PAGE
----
Guest blogger Ashley Baker is the director of in-home daycare Doodle Play in Traverse City, Michigan. She shares her experiences engaging young children in healthier eating habits.
I would be lying if I said our day doesn't revolve around food.
Our schedule revolves around when we eat, how long it takes to prep meals and the cleanup after. We have some of our best conversations when we are all seated together eating meals.
At my daycare located in Northern Michigan, we have two large gardens and a chicken/duck area that provides us with lots of fresh fruits, veggies and eggs. The problem for us isn't using the fresh produce when in season, it is making sure we use that produce throughout the year and incorporate it into as many healthy meals for the children as possible.
To make healthier meals and make our produce last longer, we started incorporating meal prep days into our routine. The kids and families really took to it! We have less produce going to waste and the kids eat better meals throughout the year, thanks to our thoughtful meal preparation and planning.
My daycare kids love smoothies, and they are a great way to use excess produce. We make and freeze smoothie packs with spinach and berries from the garden. We use organic red tape bananas, too – we simply freeze the peeled bananas and throw them in the smoothie packs. We even freeze avocados in ice cube trays. Smoothies are versatile and can be enjoyed for breakfast or snacks.
But it doesn't stop at smoothies. Last week the children and I baked four dozen banana bread muffins. We mashed, measured, counted, mixed and baked. Once cooled we froze the muffins individually (six per bag) and put them in the freezer. We took the muffins out to defrost the night before, so the children ate a homemade breakfast without a lot effort that morning.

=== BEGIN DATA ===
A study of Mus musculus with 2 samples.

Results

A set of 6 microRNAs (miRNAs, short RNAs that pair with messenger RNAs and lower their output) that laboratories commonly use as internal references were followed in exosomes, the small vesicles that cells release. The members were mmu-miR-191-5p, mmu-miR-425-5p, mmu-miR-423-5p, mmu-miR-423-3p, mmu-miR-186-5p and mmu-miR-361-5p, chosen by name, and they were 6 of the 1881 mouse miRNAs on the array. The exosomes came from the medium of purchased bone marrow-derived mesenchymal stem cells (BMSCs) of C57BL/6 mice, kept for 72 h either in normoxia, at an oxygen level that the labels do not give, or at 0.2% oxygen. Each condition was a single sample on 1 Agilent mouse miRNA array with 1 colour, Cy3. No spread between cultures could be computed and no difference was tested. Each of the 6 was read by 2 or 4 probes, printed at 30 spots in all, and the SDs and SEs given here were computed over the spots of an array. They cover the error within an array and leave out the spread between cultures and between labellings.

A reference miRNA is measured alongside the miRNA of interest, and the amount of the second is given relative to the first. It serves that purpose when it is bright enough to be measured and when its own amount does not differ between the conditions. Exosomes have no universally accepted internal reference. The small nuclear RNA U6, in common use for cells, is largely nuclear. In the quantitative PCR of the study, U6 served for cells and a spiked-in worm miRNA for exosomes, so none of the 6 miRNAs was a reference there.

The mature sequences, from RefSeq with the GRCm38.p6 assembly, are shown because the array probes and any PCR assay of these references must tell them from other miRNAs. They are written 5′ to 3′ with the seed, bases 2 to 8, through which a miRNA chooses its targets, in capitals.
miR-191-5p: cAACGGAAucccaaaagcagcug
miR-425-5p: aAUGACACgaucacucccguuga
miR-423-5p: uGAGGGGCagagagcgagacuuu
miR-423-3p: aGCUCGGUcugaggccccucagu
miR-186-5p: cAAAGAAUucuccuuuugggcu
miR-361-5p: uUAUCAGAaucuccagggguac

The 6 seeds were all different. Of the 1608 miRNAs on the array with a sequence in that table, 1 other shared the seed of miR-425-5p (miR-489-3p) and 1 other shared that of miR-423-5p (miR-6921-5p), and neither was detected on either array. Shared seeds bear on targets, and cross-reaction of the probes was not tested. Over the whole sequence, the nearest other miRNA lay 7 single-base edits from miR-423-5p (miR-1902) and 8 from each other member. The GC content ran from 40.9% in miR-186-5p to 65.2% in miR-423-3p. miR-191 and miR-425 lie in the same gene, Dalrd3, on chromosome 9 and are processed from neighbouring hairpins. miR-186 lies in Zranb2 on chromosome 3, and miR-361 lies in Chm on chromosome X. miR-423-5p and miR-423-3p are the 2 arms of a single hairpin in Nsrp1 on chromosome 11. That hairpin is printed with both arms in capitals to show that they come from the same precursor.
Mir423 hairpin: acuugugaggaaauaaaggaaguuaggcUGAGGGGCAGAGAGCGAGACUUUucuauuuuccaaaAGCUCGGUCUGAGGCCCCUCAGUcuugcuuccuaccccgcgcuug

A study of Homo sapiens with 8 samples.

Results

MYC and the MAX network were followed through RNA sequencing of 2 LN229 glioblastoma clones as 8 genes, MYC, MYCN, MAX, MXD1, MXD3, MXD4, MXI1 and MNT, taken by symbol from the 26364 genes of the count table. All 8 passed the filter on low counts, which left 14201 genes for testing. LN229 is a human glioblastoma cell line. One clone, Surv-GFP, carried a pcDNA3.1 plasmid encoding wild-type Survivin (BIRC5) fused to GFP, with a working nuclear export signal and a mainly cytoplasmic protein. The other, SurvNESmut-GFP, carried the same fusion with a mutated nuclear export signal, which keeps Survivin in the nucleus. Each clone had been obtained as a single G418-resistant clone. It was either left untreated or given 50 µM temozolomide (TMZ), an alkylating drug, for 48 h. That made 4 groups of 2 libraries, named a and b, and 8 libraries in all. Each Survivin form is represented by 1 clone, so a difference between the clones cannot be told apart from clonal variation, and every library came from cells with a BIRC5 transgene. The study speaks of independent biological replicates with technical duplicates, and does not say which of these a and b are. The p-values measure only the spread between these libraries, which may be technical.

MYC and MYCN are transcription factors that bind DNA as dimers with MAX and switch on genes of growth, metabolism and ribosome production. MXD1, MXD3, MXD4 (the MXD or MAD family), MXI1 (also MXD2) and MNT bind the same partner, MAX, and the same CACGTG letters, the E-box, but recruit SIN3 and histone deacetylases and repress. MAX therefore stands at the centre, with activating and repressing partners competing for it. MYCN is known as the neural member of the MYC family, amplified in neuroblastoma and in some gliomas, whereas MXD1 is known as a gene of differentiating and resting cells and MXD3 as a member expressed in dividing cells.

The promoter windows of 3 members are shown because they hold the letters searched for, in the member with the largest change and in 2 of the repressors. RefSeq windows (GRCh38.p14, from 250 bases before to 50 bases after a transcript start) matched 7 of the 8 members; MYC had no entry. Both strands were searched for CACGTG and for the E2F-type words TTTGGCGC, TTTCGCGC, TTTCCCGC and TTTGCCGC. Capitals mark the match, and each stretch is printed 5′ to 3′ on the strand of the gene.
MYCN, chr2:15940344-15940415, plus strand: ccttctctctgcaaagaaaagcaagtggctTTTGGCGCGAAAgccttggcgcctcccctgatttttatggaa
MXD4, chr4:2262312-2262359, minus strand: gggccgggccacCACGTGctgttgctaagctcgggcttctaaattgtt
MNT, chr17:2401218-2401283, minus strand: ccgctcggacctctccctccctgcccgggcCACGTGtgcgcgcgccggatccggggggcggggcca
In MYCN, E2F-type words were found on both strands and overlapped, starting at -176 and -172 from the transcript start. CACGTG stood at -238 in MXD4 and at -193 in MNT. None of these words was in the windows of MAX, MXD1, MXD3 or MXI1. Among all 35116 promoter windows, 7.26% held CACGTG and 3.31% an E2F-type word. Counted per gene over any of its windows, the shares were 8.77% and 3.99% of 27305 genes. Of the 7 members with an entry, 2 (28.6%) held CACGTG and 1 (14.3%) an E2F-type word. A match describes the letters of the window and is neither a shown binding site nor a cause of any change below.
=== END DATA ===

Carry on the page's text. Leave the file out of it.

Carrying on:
We use bell peppers from the garden for several recipes including fajitas. We make twice baked potatoes and our tomatoes are made into sauces – both easy to freeze and serve later.
When we're finished with a snack or meal, the children put their food into the compost. Our chickens and ducks pick through the compost, turning it and fertilizing it. This in turn cuts our cost on poultry feed, gives us a rich fertilizer and cuts down on our food waste.
It's important that children not only see where their food comes from, but also where their food goes. Yes, eggs come from chickens. But using the eggs in muffins or scrambled eggs takes it another step further and helps children understand how natural resources become ingredients for the nutritious foods we eat. It's important to teach these sustainable food habits now, as children discover how our needs are interconnected with nature.
My hope is that making these connections now will lead to better eating habits, a closer connection and respect for our food and understanding about where it comes from. I hope that the children who call this their second home will grow to make more sustainable decisions about food.